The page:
Siemens’ new Digital Industries business, set to launch in April 2019 as part of a company-wide restructuring, will focus on edge computing and artificial intelligence to achieve profitable growth, top executive Klaus Helmrich, who will run the unit, told Handelsblatt.
Edge computing locally processes data collected from sensors fitted into industrial machinery, increasing speed and saving costs by eliminating the need to send the data to the cloud.
“It lets customers decide which data they give to the cloud and which they prefer to keep in-house,” Helmrich said.
Industry sources said the group’s profit margin target of 23 percent for Digital Industries is ambitious. But Siemens’ software business, which tends to generate relatively high profits, is likely to grow. “I expect continued double-digit growth rates for software in the coming years,” said Mr. Helmrich.
Edge computing derives its name from decentralized data analysis in factories, cars or security cameras — at the edges of computer networks. It’s going to be a key technology in the Internet of Things, the fast-approaching era of smart manufacturing in which machines and components will communicate with each other.
The Siemens business makes both the machines and sensors as well as the software that runs the equipment. It competes against GE and Swiss-based ABB, as well as other smaller, specialized automation firms.
Demand for digital systems and factory automation technology is booming. Siemens' Digital Factory division, which is being integrated into the Digital Industries operating company, achieved a 14 percent rise in revenues to €12.9 billion ($14.6 billion) in the 2017/18 business year with an operating return of 20 percent.
The Process Industries & Drives division, which will also be integrated into Digital Industries, fared less well with revenues up 3 percent and the operating return on sales improving from 5 percent to 5.9 percent.
Analysts expect demand for digital technology to keep growing in the coming years. That’s because companies tend to invest more in productivity improvements when they see economic growth weakening.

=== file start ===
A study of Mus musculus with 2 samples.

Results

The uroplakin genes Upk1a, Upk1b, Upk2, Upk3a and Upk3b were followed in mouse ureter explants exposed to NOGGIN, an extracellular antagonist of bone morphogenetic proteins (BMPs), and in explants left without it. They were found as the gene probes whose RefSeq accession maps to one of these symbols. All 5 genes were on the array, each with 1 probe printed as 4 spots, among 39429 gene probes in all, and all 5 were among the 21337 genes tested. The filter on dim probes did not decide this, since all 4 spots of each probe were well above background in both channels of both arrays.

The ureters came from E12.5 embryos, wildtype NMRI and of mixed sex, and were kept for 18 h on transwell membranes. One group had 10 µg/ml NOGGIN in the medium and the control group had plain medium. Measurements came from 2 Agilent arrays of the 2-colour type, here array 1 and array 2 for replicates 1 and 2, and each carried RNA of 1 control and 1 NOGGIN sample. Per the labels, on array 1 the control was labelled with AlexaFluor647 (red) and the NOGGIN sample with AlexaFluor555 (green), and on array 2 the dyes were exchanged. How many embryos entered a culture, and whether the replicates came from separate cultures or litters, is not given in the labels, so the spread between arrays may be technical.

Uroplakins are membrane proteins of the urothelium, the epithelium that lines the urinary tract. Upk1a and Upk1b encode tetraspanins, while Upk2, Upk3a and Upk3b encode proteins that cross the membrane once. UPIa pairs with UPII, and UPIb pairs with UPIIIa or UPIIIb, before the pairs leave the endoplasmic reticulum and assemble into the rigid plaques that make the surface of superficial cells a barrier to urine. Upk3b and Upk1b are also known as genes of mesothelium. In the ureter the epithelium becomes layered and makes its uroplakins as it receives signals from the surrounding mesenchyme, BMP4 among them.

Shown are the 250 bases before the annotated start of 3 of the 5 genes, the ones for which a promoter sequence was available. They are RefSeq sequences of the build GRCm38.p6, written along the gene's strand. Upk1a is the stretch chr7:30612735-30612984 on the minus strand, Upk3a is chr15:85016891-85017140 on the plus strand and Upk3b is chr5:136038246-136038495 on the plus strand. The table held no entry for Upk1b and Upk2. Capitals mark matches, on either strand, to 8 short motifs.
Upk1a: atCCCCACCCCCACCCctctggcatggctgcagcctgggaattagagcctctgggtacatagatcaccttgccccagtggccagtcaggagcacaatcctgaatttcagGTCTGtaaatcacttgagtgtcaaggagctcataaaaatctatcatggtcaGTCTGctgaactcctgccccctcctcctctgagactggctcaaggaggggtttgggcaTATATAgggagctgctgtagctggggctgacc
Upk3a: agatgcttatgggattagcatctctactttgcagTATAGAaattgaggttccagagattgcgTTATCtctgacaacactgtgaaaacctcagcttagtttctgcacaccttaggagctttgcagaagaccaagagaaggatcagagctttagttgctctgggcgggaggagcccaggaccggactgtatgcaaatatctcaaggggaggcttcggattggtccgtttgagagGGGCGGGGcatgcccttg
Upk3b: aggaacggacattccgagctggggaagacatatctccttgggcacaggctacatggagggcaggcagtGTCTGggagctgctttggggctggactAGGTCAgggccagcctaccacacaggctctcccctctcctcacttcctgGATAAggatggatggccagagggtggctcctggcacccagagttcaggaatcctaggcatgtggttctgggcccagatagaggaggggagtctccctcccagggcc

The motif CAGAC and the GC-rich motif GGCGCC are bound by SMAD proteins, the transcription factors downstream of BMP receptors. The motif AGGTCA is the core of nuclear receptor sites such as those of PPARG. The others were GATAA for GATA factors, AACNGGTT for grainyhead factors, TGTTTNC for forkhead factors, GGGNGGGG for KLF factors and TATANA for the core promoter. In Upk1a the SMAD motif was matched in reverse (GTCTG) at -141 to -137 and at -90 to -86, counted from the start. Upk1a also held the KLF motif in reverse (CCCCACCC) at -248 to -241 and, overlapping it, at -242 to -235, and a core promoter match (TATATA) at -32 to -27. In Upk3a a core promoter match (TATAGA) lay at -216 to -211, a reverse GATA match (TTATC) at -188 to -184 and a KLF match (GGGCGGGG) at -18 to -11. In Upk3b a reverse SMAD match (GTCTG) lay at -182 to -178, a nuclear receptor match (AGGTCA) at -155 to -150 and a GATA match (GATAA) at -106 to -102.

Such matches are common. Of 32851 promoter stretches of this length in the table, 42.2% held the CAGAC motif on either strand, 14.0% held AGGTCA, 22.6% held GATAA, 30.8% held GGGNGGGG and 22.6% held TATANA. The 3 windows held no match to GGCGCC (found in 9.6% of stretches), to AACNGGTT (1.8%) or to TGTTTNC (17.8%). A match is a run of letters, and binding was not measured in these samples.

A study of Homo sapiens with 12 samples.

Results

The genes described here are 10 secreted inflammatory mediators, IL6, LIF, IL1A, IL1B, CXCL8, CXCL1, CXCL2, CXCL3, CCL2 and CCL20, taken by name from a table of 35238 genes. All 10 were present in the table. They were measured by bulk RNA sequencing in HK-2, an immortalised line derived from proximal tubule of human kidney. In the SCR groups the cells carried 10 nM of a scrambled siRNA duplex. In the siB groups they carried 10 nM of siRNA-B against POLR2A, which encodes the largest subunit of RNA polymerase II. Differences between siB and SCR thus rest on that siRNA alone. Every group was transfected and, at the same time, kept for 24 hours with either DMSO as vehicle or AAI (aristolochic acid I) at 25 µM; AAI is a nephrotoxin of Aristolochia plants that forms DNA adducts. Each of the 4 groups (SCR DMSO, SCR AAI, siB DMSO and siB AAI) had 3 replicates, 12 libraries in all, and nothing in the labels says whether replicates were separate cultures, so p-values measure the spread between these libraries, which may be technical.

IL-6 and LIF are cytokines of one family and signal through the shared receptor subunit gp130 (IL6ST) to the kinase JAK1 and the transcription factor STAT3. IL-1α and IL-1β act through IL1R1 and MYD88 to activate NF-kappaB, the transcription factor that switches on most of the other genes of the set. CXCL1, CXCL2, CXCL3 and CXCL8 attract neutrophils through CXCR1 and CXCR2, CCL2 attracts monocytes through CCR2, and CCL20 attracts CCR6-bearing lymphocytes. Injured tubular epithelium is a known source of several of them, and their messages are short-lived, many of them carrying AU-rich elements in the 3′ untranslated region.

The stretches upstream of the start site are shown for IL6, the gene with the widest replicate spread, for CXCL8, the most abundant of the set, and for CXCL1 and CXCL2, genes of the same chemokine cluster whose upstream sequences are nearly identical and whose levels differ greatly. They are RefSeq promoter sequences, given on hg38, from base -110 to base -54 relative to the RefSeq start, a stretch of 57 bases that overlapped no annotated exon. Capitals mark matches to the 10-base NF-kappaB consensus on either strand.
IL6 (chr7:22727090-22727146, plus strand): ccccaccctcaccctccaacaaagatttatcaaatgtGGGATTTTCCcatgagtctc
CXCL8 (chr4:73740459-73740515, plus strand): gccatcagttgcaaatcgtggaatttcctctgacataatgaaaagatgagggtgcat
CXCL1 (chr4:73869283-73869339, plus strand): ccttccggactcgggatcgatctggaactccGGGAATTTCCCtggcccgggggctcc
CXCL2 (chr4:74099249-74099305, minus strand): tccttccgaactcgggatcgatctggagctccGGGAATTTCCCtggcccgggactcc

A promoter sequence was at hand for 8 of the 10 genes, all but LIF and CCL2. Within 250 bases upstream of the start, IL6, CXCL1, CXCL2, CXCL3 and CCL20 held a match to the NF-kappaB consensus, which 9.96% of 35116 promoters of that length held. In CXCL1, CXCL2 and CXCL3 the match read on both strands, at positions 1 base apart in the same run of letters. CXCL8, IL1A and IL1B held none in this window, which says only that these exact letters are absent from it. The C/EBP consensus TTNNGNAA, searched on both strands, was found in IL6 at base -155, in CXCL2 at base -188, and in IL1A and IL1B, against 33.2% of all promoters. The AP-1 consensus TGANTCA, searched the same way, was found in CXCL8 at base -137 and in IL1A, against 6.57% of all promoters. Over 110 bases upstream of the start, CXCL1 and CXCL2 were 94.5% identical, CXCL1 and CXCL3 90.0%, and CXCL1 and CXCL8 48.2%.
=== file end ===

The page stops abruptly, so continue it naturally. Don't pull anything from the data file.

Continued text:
But Siemens will only succeed if its software platform Mindsphere, with which machinery and equipment across many industries can be hooked up to the Internet of Things, becomes more broadly established. IoT platforms like Mindsphere and Predix of GE enable industrial customers to use their machines more efficiently, monitor their vehicle fleets or analyze data to develop new business models.
Siemens plans to use Mindsphere as a platform for the entire group including its spun-off division Healthineers and its rail engineering business. It will also play a key role in the new Smart Infrastructure operating company Siemens is setting up, the third pillar in the company’s new organization alongside Digital Industries and Gas and Power.
Mr. Helmrich said the introduction of Mindsphere among industrial customers was progressing “very well.”
“Revenue is developing better than we had expected,” he said. A total of 750 users and developers had adopted Mindsphere so far. The group has a competitive advantage here because it’s the clear market leader in automation technology — most factories use its Simatic automation system. “It’s not so easy to emulate an automation system, so that protects us,” said Mr. Helmrich. In addition, Siemens is the world’s biggest provider of industrial software following a number of takeovers in the US.
Axel Höpner is head of the Handelsblatt office in Munich, focusing on the state of Bavaria's companies, including Allianz and Siemens. Christof Kerkmann has been an editor for Handelsblatt since 2012, and writes about the technology sector. To contact the authors: firstname.lastname@example.org and email@example.com.